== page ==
Minnesota is among the worst states for racial disparities when it comes to marijuana arrests, according to an ACLU report released in April.
The 110-page report, titled “A Tale of Two Countries: Racially Targeted Arrests in the Era of Marijuana Reform,” found racial disparities continue to exist despite changes in laws, with black people being arrested for marijuana possession at a higher rate than their white counterparts despite black and white people using marijuana at “similar rates.”
The report looks at marijuana arrests from 2010-2018 and examines the racial disparities related to these types of drug arrests at the national, state and county levels. It is an update to the ACLU’s 2013 report, “The War on Marijuana in Black and White,” which analyzed marijuana arrests by state from 2001-2010.
In the United States, marijuana arrests make up 43 percent of all drug arrests, and nine out of 10 of these arrests are for possession, the report states. Arrests for the possession of marijuana made up 35 percent of all drug arrests in Minnesota in 2018.
In Minnesota, the ACLU, using 2018 data, found a black person is 5.37 times more likely to be arrested for marijuana possession than a white person, ranking the state at No. 8 when it comes to states with the worst racial disparities in marijuana arrests. That’s down from the rate of 7.94 in 2010.
Nationally, a black person is 3.64 times more likely to be arrested for marijuana possession than a white person. Meanwhile, North Dakota ranked No. 7 (5.5 times) and South Dakota ranked No. 10 (5 times) on the list of states with the worst racial disparities.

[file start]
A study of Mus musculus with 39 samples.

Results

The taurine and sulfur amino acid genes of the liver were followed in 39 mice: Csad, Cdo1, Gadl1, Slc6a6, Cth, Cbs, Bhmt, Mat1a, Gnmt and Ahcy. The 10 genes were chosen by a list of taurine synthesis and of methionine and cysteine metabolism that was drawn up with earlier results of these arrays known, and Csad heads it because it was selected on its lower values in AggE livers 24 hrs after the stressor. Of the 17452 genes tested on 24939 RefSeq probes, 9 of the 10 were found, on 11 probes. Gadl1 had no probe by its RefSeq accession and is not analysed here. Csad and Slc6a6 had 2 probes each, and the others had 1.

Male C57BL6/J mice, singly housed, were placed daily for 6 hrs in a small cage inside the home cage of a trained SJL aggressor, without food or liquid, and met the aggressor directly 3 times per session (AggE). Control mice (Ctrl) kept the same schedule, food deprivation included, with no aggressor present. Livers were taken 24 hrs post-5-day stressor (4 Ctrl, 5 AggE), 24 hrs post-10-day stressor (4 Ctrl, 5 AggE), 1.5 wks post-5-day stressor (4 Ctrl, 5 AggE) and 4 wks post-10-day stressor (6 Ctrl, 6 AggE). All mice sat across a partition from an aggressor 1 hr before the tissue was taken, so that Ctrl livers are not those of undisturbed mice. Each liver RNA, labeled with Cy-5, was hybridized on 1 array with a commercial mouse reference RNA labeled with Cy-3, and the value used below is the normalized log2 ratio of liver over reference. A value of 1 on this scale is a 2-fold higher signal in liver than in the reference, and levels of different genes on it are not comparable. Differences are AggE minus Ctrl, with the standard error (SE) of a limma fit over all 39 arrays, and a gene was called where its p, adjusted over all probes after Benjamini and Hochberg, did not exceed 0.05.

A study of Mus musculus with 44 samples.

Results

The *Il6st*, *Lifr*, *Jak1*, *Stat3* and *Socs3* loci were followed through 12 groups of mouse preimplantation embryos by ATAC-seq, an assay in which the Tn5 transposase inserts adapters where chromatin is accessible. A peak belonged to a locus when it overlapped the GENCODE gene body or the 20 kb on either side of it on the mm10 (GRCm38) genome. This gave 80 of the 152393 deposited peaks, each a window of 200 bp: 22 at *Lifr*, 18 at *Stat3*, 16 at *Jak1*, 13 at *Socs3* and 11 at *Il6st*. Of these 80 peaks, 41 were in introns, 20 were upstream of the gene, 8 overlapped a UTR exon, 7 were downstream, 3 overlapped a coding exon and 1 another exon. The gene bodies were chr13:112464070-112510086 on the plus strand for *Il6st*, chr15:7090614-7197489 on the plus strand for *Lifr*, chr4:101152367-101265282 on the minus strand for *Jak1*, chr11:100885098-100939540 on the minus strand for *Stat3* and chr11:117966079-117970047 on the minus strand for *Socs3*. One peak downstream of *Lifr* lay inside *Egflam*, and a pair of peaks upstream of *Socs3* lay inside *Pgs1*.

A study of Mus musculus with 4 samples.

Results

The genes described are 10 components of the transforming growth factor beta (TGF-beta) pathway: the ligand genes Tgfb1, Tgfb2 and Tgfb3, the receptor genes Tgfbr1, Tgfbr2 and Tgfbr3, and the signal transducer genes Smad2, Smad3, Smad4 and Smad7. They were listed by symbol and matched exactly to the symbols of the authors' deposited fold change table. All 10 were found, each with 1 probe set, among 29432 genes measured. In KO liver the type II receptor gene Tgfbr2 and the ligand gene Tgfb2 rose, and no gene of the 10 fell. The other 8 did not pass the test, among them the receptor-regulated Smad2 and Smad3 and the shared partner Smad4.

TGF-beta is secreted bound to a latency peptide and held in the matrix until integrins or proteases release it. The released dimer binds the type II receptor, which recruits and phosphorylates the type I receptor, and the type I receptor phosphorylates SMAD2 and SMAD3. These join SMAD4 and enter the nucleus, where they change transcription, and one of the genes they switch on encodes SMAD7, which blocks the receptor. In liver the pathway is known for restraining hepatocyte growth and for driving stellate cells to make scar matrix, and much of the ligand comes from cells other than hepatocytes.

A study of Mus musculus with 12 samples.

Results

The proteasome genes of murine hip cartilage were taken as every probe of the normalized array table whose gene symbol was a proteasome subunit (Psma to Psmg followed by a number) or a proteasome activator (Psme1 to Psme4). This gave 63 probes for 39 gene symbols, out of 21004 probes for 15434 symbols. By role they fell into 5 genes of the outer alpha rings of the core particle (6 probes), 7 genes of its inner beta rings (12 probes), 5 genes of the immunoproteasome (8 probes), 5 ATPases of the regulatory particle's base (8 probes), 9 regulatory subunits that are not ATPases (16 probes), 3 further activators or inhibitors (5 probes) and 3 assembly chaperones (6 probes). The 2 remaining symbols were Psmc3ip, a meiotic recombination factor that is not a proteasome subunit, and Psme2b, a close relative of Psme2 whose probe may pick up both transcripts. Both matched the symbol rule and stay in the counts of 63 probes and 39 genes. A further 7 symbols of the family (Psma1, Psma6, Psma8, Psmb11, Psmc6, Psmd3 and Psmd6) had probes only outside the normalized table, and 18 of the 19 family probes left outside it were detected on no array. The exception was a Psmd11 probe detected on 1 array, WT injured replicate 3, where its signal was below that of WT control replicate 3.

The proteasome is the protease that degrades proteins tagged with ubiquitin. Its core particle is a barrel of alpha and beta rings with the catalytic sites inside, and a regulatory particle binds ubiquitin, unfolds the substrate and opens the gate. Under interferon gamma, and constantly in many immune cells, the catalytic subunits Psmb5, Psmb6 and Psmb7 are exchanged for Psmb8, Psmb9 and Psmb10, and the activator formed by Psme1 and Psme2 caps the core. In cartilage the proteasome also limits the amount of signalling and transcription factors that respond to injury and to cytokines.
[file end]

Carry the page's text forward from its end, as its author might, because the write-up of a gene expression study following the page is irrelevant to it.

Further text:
The report lists the Minnesota counties with the largest racial disparities when it comes to marijuana possession arrests. They are:
- Goodhue County: a black person is 11.19 times more likely to be arrested than their white counterparts
- Olmsted County: 8.47 times
- St. Louis County: 8.26 times
- Ramsey County: 7.13 times
- Carver County: 7.07 times.
- Hennepin County: 7 times
- Anoka County: 6.4 times
- Freeborn County: 5.8 times
- Blue Earth County: 5.3 times
- Chisago County: 5 times
Note: Data from some Minnesota counties did not meet the ACLU’s population or reporting threshold, so they were not included on the list.
In addition to analyzing marijuana arrest data, which the ACLU says is limited in some areas and for some people of color, the report offers recommendations for federal, state and local governments, as well as law enforcement agencies, stressing the need for the legalization of marijuana.
The ACLU recommends the drug be legal for people 21 and older through a “system of taxation, licensing and regulation,” and it urges that legalization “repair the harms that prohibition has wreaked on communities of color.”
If legalization cannot be achieved, the ACLU says marijuana offenses should be decriminalized and states should focus on racial equity in all aspects of the legalization and decriminalization process.
Other recommendations include: granting clemency or resentencing anyone incarcerated on a marijuana conviction; expunging all marijuana convictions; ending the enforcement of marijuana possession and distribution; and improving data collection practices and policies for arrests by race.